If you want to enter into the United States to live and work on a permanent basis, you will need to go through the process of filing for a Green Card.  Permanent residence card is another name for Green Card. You may file and go through the process on your own. However, it is not usually recommended as delays are possible and obstacles may arise. It is always ideal to have professional legal assistance to help you through any challenges or questions.

There is more than one way to obtain a Green Card and become a permanent resident. Most immigrants may become Green Card holders through an employer or a family member who is a United States citizen. This person must be willing to petition for you. Others may obtain a Green Card through refugee assistance or other humanitarian programs.

Whichever path you are planning to take, here are some of the facts you need to know about filing for a Green Card:

Any employer attempting to help you get your Green Card will need to apply for a Labor Certification.

Before the employer can get in touch with immigration about the prospect of obtaining a green card for an immigrant worker, the employer needs to first hold advertising and recruitment proceedings within the United States. After this ends in failure, then the employer needs to submit a labor certification application to the U.S. Department of Labor.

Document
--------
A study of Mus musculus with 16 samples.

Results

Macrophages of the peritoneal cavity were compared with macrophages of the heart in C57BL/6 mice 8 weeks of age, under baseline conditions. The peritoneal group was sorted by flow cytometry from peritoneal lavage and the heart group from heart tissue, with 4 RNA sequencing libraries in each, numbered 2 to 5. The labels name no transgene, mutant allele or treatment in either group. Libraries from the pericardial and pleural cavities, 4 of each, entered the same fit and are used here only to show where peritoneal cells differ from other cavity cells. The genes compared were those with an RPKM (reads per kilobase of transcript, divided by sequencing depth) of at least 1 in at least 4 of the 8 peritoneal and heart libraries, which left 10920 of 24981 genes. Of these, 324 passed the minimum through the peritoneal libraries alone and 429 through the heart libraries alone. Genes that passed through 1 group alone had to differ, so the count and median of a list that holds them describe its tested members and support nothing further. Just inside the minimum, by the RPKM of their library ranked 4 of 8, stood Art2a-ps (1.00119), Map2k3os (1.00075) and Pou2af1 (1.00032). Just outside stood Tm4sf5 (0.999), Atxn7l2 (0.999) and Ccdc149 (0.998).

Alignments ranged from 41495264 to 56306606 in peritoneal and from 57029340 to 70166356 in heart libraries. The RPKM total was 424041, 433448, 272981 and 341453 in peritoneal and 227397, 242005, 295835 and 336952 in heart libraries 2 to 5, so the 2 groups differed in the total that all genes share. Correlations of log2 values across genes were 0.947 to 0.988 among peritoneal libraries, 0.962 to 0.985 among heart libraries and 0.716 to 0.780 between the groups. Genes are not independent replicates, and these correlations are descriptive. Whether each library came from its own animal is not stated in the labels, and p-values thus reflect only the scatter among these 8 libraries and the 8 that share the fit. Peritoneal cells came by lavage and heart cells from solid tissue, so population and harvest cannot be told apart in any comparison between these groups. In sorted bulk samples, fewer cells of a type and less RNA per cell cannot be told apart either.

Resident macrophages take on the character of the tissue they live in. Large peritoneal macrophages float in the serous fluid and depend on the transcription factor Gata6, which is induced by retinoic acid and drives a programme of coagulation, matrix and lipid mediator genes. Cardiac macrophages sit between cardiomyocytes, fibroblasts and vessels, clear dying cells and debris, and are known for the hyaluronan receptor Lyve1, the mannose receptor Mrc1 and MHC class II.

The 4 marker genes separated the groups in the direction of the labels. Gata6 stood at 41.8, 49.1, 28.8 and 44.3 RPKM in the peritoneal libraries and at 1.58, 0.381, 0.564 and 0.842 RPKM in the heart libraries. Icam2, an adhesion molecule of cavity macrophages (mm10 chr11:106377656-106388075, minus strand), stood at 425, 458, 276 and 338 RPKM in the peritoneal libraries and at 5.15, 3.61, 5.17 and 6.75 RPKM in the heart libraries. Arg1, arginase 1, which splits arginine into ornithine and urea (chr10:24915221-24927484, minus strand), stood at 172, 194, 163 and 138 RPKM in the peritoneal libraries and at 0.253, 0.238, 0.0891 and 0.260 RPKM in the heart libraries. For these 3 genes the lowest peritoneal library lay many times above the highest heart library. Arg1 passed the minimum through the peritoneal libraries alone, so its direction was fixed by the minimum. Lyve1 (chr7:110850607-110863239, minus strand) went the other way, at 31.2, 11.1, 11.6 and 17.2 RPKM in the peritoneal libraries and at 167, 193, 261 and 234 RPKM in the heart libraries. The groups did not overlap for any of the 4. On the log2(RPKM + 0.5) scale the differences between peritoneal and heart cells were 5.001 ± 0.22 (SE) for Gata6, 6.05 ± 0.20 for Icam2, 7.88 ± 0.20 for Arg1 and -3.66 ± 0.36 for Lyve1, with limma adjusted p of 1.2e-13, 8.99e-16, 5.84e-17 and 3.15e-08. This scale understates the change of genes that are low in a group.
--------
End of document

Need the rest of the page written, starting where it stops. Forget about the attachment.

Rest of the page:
An employer or relative helping your to get your Green Card needs to initiate the process of filing a visa petition on your behalf.

However, if you are seeking asylum in the U.S, or if you are an investor, or if you do not have family in the United States, you will need to begin the process on your own. The good news is there are humanitarian programs to help. There is also a qualified immigration lawyer is also an excellent resource for you.

The process of filing for a Green Card takes time, so it is important to utilize patience.

If you fall into a category that is subject to an annual limit, you will need to wait until your “Priority Date.”  Each circumstance and situation is different.  Some periods of waiting are months, and some are years.

Once you go through the first few steps of the filing process, you will come to a point where you may submit an application for a Green Card.

This also takes time. Depending on where you apply, you may submit your application to a USCIS (United States Citizenship and Immigration Services) office or to a United States consulate in your home country.

After filing, and acceptance of your application, you can expect an interview and testing.

Once your application has been processed, you will move on to the next steps—your Naturalization Interview and Test. One of the last steps is fingerprinting and answering factual questions about the United States.

Obtaining a Green Card is an extremely important aspect of an immigrant’s life. Lee Immigration Law Group has the answers, support and legal expertise to help you through the often complex process. If you need help filing for a Green Card, call (404) 892-8300 to schedule a free consultation.